Overall national mortality rates decreased for alcohol use disorders, self-harm, and interpersonal violence in the United States between 1980 and 2014, despite wide variation across counties. During the same period, both national and county mortality rates increased for drug use disorders. Results from this study were reported in JAMA.
Intentional injuries (self-harm and interpersonal violence) and substance use (alcohol use and drug use) remain public health challenges nationwide. However, regional and county-level geographic variations in mortality rates demand further scrutiny to best combat disability and early mortality on a local level and to ease the financial burden of these 4 disorders on the healthcare system.
For this study, investigators examined redacted death records and census information, along with the Human Mortality Database. They calculated age-standardized mortality rates on a county level in the United States (N=3110) between 1980 and 2014, specifically examining rates for the 4 conditions mentioned here.
From 1980 to 2014, there were 2,848,768 mortalities attributed to substance use disorders or intentional injuries in the United States. National mortality rates for self-harm (n=1,289,086), interpersonal violence (n=760,749), and alcohol disorders (n=256,432) all decreased during this period, by 6.0%, 44.9%, and 8.1%, respectively. Mortality rates for drug use disorders (n=542,501) increased by 618.3% nationwide.
On a county level, drug use disorder fatalities increased across the board, with all 3110 counties seeing upticks, although there was substantial variation among them, with relative increases ranging from 8.2% to 8369.7%. For the other 3 categories, there were wide variations across counties and regions with respect to mortality rates, with some decreasing and others increasing.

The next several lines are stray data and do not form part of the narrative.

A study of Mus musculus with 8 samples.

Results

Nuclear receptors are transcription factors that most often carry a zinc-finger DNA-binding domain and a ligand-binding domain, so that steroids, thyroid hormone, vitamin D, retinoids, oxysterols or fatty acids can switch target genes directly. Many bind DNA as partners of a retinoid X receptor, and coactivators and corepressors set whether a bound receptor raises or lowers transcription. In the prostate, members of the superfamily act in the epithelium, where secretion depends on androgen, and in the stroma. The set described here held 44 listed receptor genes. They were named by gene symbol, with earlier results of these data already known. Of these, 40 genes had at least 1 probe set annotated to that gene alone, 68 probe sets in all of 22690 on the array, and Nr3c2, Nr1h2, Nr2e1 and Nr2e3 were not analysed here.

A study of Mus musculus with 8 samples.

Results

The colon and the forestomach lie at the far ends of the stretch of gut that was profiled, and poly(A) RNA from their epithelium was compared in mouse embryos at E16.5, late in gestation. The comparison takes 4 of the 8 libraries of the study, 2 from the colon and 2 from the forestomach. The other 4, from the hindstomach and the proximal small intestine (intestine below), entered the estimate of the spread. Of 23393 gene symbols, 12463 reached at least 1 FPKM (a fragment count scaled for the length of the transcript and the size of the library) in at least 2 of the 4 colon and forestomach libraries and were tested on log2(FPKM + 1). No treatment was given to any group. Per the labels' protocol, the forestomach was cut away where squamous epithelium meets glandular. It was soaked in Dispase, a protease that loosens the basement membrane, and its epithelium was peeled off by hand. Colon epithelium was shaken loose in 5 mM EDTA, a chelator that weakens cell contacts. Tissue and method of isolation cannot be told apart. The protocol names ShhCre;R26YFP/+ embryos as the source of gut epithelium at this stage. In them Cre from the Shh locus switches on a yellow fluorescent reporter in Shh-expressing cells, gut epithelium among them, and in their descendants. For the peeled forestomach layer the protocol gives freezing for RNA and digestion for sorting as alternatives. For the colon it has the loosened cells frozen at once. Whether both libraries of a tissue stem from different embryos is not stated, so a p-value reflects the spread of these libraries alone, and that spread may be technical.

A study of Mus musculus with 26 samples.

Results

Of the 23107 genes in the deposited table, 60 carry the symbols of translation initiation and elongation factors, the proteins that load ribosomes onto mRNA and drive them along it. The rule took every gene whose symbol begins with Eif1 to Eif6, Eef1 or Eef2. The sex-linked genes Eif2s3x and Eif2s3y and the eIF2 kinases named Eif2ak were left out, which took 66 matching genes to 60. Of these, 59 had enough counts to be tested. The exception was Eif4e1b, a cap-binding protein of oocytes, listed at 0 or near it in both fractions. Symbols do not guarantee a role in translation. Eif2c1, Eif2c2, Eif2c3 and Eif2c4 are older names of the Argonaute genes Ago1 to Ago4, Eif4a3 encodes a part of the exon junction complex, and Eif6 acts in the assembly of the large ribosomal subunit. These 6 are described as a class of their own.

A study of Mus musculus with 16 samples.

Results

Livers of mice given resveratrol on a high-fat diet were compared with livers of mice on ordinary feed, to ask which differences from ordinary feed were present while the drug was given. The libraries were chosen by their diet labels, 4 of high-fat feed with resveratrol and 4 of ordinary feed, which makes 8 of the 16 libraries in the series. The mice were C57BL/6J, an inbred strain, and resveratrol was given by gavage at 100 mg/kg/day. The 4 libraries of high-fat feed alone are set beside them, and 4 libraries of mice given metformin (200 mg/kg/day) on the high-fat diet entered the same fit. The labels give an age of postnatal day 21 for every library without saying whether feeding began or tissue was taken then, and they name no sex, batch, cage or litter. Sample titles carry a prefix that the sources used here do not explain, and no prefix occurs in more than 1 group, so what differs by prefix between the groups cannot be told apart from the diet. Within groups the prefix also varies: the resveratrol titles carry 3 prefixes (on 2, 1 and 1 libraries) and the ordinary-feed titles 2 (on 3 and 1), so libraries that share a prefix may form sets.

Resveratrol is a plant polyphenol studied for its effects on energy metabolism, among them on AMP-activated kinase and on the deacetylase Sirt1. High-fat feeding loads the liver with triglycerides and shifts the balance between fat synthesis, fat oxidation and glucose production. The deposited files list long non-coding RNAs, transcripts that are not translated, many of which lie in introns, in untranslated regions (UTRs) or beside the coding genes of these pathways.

Geographic mortality inequalities, both absolute and relative, were reduced over this time for alcohol use disorders and interpersonal violence; but they were substantially expanded for self-harm and drug use disorders.
The authors identified the use of small-area estimation methods as a study strength that improved on previous efforts.
Study limitations included using data sources that are subject to error, lack of validation of redistribution algorithms, noninclusion of redistribution uncertainty in mortality rate confidence intervals, and tendency for small-area methods to underestimate true variability.
This investigation confirmed widespread differences in substance use and intentional injury mortality rates among US counties. Understanding the temporal and spatial variations that exist regarding these 4 causes of death, and examining epidemiological trends, is essential for all clinicians, public health officials, and policy makers who wish to maximize local effect via optimal resource allocation.
Dwyer-Lindgren L, Bertozzi-Villa A, Stubbs RW, et al. Trends and patterns of geographic variation in mortality from substance use disorders and intentional injuries among US counties, 1980-2014. JAMA. 2018;319(10):1013-1023.